Thursday, October 13, 2005

Aha- The Real Jujube!

Those snack foods that I posted about yesterday are actually not called Ede as I thought, but are officially called "Ide" or "Hide", pronounced 'ee-da' and according to my Albanian dictionary they are 'the common jujube'! The latin botanical name is Zizyphus jujuba. I always thought a jubube was a squishy fruit flavoured gelatin candy, but who knew? Apparently it is high in vitamin C and has lots of medicinal uses, including being used as a tea for sore throats. It's also used a blood cleanser, a nutrient tonic, and In combination with Ginseng, Jujube nourishes the spirit, acting to soothe irritability and mild emotional instability. The first time I saw it I was sure it was a fresh date but it isn't, although it is also called the Chinese Date or Red Date. It is an interesting discovery for me!

Here are some recipes I found:

Jujube Cake
1 cup sugar
1/2 cup butter
2 cups dried, minced jujube
1 cup water Bring these to a boil then set aside to cool
2 cups wheat flour
1 teaspoonful soda
1/2 teaspoonful salt Sift these together then add to the above mixture. Bake at 325° F

Candied Jujubes
Wash about 3 pounds dried jujubes; drain and prick each several times with a fork. In a kettle bring to a boil 5 cups water, 5-1/2 cups sugar, and 1 tablespoon corn starch. Add the jujubes and simmer, uncovered, stirring occasionally, for 30 minutes. Cool, cover, and chill overnight.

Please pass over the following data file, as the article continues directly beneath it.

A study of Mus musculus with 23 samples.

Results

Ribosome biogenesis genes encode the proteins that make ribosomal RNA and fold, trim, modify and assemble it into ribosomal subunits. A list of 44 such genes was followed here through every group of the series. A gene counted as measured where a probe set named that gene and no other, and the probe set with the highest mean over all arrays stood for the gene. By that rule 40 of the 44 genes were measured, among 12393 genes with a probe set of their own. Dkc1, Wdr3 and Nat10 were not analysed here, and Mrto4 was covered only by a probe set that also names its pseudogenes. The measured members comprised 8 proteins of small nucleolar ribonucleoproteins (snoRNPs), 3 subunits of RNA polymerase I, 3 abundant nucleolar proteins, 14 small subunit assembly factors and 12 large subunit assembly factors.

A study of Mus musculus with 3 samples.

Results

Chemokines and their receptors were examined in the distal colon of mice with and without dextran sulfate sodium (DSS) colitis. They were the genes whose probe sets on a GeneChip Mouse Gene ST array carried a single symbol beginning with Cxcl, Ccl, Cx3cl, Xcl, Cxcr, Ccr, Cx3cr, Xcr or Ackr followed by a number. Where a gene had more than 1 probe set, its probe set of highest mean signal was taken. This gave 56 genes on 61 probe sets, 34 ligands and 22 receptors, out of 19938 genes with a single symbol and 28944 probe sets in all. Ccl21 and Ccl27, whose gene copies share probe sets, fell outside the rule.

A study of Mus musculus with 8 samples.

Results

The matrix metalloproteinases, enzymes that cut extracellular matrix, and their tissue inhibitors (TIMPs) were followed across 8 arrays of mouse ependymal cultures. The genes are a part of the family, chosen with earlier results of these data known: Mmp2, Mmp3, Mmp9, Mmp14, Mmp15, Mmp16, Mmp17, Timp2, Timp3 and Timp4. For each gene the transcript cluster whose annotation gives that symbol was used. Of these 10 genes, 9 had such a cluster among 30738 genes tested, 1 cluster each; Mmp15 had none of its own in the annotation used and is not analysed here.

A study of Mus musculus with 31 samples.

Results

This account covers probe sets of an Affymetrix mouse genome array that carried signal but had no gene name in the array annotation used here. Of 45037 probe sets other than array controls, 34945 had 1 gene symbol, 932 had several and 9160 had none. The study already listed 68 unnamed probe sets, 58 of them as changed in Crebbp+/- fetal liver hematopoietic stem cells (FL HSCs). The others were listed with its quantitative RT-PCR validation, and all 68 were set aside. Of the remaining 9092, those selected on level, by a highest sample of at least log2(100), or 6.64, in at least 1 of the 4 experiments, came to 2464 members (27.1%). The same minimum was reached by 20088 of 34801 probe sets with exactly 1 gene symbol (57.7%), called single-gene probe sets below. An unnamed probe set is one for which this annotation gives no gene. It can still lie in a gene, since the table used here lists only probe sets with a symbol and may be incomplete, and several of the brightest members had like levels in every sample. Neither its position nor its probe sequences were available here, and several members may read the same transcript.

The next day bring syrup and jujubes to a boil and simmer, uncovered, 30 minutes. With a slotted spoon lift jujubes from syrup and place slightly apart on rimmed pans. Dry in oven, or in sun for about 2 to 3 days. Check fruit frequently and turn fruit occasionally until the jujubes are like the dates ones sees in the market.

Jujube Syrup
Boil syrup remaining from the Candied Jujubes, uncovered, until reduced to about 2 cups. Use over pancakes and waffles. Store in the refrigerator.

Other uses: Substitute the dried jujube wherever recipes call for raisins or dates. Dried jujubes are a wonderful snack that can be prepared without the use of any preservative as is so commonly needed for other dried fruits.

1 comment:

christina said...

How interesting! I just looked this up in German and it's also referred to as the Chinese date or more commmonly the Brustbeere-'chest berry', with reference to the medicinal tea made from the dried fruit.
I've never seen this fruit before - I'm going to check at the Asian grocery next time I'm downtown and see if they have any.